After the coffee. Before trying to hide from all the Ron Burgundy hype.
The Skinny: I'm trying to figure out whether to get out of town for Christmas. I have no big plans here and figure if I'm somewhere else it will at least feel like I'm doing things. Send me suggestions (or invites). Thursday's Fix (can you believe it's Thursday already?) includes a look at the lineup for next month's Sundance Film Festival. Also, Fox sells out the Super Bowl and MSNBC says goodbye to Martin Bashir.
Daily Dose: Walt Disney Co. is moving closer to naming a new president of its ABC Family cable channel, home to teen hits including "Pretty Little Liars" and "Twisted." The name getting the most buzz right now is Salaam Coleman Smith, who most recently headed NBCUniversal's Style network. Coleman Smith found herself squeezed out at NBCUniversal after the company decided to rebrand Style as the Esquire network. More on ABC Family and other candidates can be found here.
Big ticket items. Independent films are usually for up-and-coming actors and the occasional slumming big star. But this year's Sundance Film Festival, which unveiled its lineup Wednesday, has more than its share of big names in little movies including Anne Hathaway and Kristen Stewart. Coverage and analysis of the 2014 Sundance festival from the Los Angeles Times, New York Times, Variety and Hollywood Reporter.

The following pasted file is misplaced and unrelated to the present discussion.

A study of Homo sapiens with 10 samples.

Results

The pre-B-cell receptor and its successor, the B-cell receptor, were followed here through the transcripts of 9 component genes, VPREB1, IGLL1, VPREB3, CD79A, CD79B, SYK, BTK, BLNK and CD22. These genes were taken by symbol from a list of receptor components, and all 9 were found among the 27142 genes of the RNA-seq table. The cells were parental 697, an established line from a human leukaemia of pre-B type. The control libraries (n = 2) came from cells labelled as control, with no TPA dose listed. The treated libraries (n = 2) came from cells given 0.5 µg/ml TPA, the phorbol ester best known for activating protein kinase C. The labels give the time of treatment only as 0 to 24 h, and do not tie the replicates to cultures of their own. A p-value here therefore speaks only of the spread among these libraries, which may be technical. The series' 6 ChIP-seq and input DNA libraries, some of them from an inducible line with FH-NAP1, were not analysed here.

Super sellout. Fox Broadcasting, home to next February's Super Bowl, has sold all the ad inventory for the game at an average price of $4 million per spot. Some commercials went for as much as $4.5 million. Think about that while you watch some boring ad you'll forget having seen before the final gun goes off. There will be plenty of cars, beers and soft drinks in the big game but Hollywood will have a smaller presence. More on the Super Bowl from the Los Angeles Times and Wall Street Journal.
New home. Movie producer Jerry Bruckheimer, who severed ties with Disney earlier this year, is near a deal to make Paramount Pictures his new home, according to the Wrap. Bruckheimer's relationship with Disney took a hit after "The Lone Ranger" opened to disappointing box office and led Disney to take a write-down. For Bruckheimer, going to Paramount is something of a homecoming. He made many of his early hits there (when he was partnered with the late Don Simpson) in the 1980s.
Alec will have company. Just a few days after Alec Baldwin gave up his chat show on news channel MSNBC after controversy over some not-so-nice things he said to a photographer on the street, Martin Bashir also resigned from hosting duties for saying some not-so-nice things about a former Alaska governor and one-time vice presidential candidate. Details from Time and Mediaite.
Tebow time? No NFL team is interested in having Tim Tebow as a quarterback, but he may get a starting job in television. USA Today says ESPN, Fox and CBS are interested in having Tebow for their college football coverage. My only question is whether Tebow is capable of being critical enough to be a good analyst.
Inside the Los Angeles Times: NBC's making a big -- and expensive -- bet with its new version of "The Sound of Music," which will air live without a net.